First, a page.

Why do 'real' women have to be fat?
Posted Tuesday 2nd September 2014 By Ericka Waller
So there is a new trend sweeping Twitter. Photos of women who you would not “normally” see in a bikini (ie; not a size 0) taking selfies and tagging them #fatkini. Don’t get me wrong, I think it’s great. I think all shapes and sizes should be celebrated, but why label these larger women ‘real’. Does that mean I can’t be, because I don’t have any junk in my trunk?
Why must us women be pitted against one another, like dogs in a fight to see which one wins? I am not overweight, but I am very real.
I gave birth to three 9lb babies, and then nourished them with my teeny tiny breasts for six months. But then, even if I hadn’t given birth naturally, or been able to breastfeed, I would still be real. I really have a fanny. You don’t really need to see it in order to see me as a woman do you?
I carry pregnancy scars that mean I can fit in a size 6-8 bikini, but I would look bloody awful in it because of my stretched skin. People are much more likely to run screaming from me as I emerge out the sea than they are from a shapely woman strutting about in an itsy-bitsy yellow polka dot bikini. Does that make me a loser?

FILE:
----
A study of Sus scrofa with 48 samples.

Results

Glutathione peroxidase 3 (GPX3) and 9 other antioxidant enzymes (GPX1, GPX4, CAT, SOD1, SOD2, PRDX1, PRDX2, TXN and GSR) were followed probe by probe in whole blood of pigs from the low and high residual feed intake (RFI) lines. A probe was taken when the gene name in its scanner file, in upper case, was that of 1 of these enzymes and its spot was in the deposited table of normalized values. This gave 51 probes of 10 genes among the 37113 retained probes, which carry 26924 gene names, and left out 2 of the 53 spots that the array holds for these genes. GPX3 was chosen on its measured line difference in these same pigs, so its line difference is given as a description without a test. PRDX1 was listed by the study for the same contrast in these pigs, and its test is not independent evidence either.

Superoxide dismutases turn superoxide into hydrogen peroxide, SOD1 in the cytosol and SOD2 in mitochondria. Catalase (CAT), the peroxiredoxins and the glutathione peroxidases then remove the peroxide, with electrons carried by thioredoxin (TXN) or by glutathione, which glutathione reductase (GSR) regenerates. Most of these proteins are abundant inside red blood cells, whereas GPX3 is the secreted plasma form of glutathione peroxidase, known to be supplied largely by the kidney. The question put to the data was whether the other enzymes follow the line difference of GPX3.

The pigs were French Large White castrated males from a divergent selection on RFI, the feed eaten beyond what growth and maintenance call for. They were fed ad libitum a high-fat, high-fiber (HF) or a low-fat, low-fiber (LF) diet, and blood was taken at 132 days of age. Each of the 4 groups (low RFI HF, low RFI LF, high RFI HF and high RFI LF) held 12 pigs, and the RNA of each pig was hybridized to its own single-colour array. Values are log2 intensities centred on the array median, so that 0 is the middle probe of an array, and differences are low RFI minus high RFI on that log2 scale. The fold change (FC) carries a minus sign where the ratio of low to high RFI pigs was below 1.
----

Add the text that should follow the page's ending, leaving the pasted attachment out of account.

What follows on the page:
My three daughters all have different body shapes. One of them may be naturally bigger than the other two. What do I tell her when she comes to me bemoaning her thighs in a few years time? “Don’t worry darling, you are real. Your sisters and I, we are just pretty decorations, like those dollies that cover loo rolls. Now run along and take a selfie.”
When people tell me how lucky I am because I can eat what I like I say sorry. Why? ‘Real’ women don’t apologize for over-eating or having a thyroid problem, why must I for my metabolism?
About a year ago, I went to see a plastic surgeon. He ran his hands down my ribs, tugging the skin on my tummy down so it looked like I was wearing a tutu. He fisted the flesh and said “imagine all this gone.”
I looked down and my tummy was perfect. No scars, no testicle, no orange peel. Then I thought of my daughters. What example could I possibly be if I had a tummy tuck? What message would I be sending to them, that they must look perfect to be loved, to be able to love themselves?
Where and when would their surgery start? Skin peels for spots? Laser surgery for hairs? When the surgeon let go of the skin, it flopped. It was pink and mottled from being tugged about. I covered it with my hand and I felt like me. I felt real.
We should not be doing selfies named #fatkini. We should selfie #bikini, with no label attached. Fat, thin, scarred, smooth, missing body parts. We are all real. We are all women. Here’s to having a fanny!